Last night, along with people across the country, we took to our tent for the National Wildlife Federation’s Great American Backyard Campout. We joined the Chattahoochee Nature Center‘s group, pitching our tent at their registered campsite along with a slew of other families with young kids. Here’s how our inaugural family camping experience went down…
We arrived promptly at six in the evening in separate cars (should I need to take the baby home) – radio flyer and cooler loaded to the brim – to construct our abode for the night. By some miracle, we got the tent assembled without a hitch, and in only about ten minutes. The moment I stood back to marvel over our handy work (I totally expected for us to be the family that couldn’t get their tent up without professional assistance) a tremendous clap of thunder boomed over head. Seriously!?!? I literally checked the weather as we were walking out the door and rejoiced in the ZERO percent chance of rain. We had enough time to throw all of our belongings into the tent (suddenly it made sense why everyone else brought their gear in large plastic tubs rather than Vera Bradley totes) before the downpour.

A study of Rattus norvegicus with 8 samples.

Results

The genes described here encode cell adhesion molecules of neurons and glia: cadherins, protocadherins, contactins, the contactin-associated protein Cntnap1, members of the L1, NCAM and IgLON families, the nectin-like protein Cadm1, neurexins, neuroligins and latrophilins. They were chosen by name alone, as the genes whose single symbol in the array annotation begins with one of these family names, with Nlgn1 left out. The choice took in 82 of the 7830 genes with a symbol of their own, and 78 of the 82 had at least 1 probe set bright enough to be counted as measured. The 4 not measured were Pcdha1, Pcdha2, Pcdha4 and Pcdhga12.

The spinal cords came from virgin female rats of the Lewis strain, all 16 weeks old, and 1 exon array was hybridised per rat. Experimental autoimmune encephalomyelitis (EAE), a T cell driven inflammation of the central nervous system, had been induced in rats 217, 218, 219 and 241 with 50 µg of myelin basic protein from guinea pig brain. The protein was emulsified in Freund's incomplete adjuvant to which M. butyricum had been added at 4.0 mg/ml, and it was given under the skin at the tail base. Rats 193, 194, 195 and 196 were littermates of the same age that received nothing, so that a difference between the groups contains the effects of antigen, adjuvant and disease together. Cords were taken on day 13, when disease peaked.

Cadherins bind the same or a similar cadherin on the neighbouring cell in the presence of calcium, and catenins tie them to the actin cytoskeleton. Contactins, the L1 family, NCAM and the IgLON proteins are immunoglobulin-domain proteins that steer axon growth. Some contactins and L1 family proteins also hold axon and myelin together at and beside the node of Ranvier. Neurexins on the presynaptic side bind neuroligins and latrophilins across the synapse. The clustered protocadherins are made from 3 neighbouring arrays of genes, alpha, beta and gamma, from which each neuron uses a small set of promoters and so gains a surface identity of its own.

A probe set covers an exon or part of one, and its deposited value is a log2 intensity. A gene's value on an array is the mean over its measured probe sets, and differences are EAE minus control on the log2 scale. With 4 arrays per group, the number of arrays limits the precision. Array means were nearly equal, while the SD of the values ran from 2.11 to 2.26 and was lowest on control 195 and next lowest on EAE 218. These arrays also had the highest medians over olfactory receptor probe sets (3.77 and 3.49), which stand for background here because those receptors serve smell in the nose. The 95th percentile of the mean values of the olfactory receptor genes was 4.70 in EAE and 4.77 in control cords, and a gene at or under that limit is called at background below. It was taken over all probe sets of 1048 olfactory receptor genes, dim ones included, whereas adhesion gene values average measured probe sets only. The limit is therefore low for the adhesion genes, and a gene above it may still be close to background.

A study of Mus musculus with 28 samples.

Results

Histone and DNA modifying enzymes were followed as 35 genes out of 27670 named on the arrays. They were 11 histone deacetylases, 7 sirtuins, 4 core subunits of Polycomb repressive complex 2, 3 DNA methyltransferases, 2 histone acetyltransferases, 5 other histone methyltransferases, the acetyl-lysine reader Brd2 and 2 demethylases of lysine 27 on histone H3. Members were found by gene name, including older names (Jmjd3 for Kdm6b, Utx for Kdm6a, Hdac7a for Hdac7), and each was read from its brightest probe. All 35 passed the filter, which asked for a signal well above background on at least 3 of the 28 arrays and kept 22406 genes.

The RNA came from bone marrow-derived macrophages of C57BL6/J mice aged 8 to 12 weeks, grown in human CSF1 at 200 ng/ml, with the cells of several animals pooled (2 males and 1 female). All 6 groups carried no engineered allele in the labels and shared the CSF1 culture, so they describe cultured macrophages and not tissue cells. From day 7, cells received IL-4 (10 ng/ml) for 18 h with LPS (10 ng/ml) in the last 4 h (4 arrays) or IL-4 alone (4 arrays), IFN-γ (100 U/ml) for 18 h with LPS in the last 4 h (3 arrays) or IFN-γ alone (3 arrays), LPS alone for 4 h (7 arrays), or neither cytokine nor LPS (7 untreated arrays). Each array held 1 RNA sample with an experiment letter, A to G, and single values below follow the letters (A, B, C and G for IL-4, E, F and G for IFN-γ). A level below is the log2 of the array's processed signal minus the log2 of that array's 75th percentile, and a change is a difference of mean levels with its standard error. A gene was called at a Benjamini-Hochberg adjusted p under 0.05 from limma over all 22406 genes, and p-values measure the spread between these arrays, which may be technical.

During the brief rain shower (that actually served to cool things off), the naturalists (as CNC employees seem to be called) herded us into the gym for a large raptor presentation.
Afterwards, we dined on a delectable picnic of what I like to call Ham & Swissers (ham, swiss and a poppyseed mustard butter on Hawaiian rolls), fresh fruit, Publix’s new bakery granola bark (that I promptly threw in my basket about one second after the sample crossed my lips) and chocolate chip cookies. Supper time entertainment consisted of the naturalists roaming the campsite with a sundry of impressive snakes. Appetizing, no?
The sun had set by the end of our hike and the night culminated around a camp fire, lounging on blankets, toasting marshmallows for s’mores and singing silly songs a la Mother Ginny Bird and Go Bananas. After making quick work of the sweets, the littles darted about the meadow playing flashlight tag and catching fireflies while Honey and I laid under the stars soaking it all in. Nights like this are what being a carefree kid is all about.
Had I been privy to the escapades that would fabricate my adult life – smelling wild animal urine, handling dead rodent-like marsupials and sleeping in a damp, hot, smelly sticky tent – I would have been incredulous. Yet, day in and day out I find raising these boys a harrowingly intoxicating calling!